Pride and Prejudice
Center Theatre at the Armory (Seattle Center), 216-0833, book-it.org. $25–$60. Runs Wed.–Sun. Ends Dec. 28.
It is a truth universally acknowledged that any staging of a Jane Austen novel is going to be a sure bet for Book-It (again), but of her canonical six, Pride and Prejudice, as the most beloved, brings challenges the others don’t—primarily competition in fans’ heads with the popular 1995 BBC miniseries, which, as much as anything, launched the Austen craze of recent decades. Richard Nguyen Sloniker, the Darcy in Book-It’s brisk and bubbling adaptation, bears the heaviest burden—not only because it’s a tricky role in itself, requiring a delicate balance of likability (so we root for him and heroine Elizabeth Bennet to fall for each other) and imperiousness (to give that inevitable attraction a plausible obstacle to overcome), but because much of the miniseries’ popularity was due to the Darcy of Colin Firth, who did his best to ruin the role for any other actor. Sloniker masters just that balance, and carries off some splendid scenes with the sharp, subtle Elizabeth of Jen Taylor (herself a frequent Austen adapter for Book-It). As their passions rise, their diction gets crisper, their consonants sparking like clashing swords.
The casting is just as ideal all the way through, the 15 actors—nine of whom take more than one role—adept at weighting and coloring every laugh line to make it land and deftly avoiding caricature even where it’s most tempting, with Austen’s most acerbically satirized characters: Kimberly King’s Mrs. Bennet, John Bianchi’s Mr. Collins, Sascha Streckel’s Mary. Especially marvelous are those actresses in smaller roles who in memorableness surpass even what Austen put on the page: Jesica Avellone and Kate Sumpter become the Charlotte Lucas and Miss Bingley to beat, casting themselves in my brain-movie each time I pick up the novel from now on.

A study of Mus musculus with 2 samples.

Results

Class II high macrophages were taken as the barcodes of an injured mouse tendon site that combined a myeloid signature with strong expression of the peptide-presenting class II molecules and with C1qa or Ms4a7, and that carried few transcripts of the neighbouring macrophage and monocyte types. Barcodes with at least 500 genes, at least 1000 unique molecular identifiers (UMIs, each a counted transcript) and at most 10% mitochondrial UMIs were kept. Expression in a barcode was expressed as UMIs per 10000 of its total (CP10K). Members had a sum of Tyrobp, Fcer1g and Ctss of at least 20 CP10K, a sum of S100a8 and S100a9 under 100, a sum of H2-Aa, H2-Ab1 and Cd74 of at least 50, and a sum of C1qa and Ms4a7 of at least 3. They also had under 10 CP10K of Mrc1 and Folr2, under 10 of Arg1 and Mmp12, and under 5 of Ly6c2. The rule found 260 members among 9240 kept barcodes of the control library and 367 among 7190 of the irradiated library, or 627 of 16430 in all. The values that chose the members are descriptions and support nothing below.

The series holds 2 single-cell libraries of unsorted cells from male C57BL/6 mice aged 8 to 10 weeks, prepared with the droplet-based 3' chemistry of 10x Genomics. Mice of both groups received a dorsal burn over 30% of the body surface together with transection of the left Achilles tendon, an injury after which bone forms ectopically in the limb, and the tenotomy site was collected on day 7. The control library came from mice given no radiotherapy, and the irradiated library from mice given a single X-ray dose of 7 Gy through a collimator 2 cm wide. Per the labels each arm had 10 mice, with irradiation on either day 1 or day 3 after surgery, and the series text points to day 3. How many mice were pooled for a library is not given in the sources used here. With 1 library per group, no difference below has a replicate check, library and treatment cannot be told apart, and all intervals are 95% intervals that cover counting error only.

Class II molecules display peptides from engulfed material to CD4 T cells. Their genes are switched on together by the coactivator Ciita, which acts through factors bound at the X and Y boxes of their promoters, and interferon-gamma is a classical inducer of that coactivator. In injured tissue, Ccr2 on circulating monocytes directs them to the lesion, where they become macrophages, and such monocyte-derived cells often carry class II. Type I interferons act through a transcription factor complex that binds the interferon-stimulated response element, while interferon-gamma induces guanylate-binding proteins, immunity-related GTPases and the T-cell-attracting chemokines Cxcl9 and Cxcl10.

Every P&P fan is going to have some quibble with director Marcus Goodwin’s script (previously mounted in 2000 and ’04), but one unanimous one, I bet, will be his inexplicable omission of one of Austen’s iconic lines, Mr. Bennet’s wry envoi after seeing three of his five daughters paired off: “If any gentlemen come for Mary or Kitty, send them in, for I am quite at leisure.” It’s the victim of a coda that felt precipitate; after three hours, I don’t see the harm another five minutes could have done, just to let us savor Austen’s happiest ending.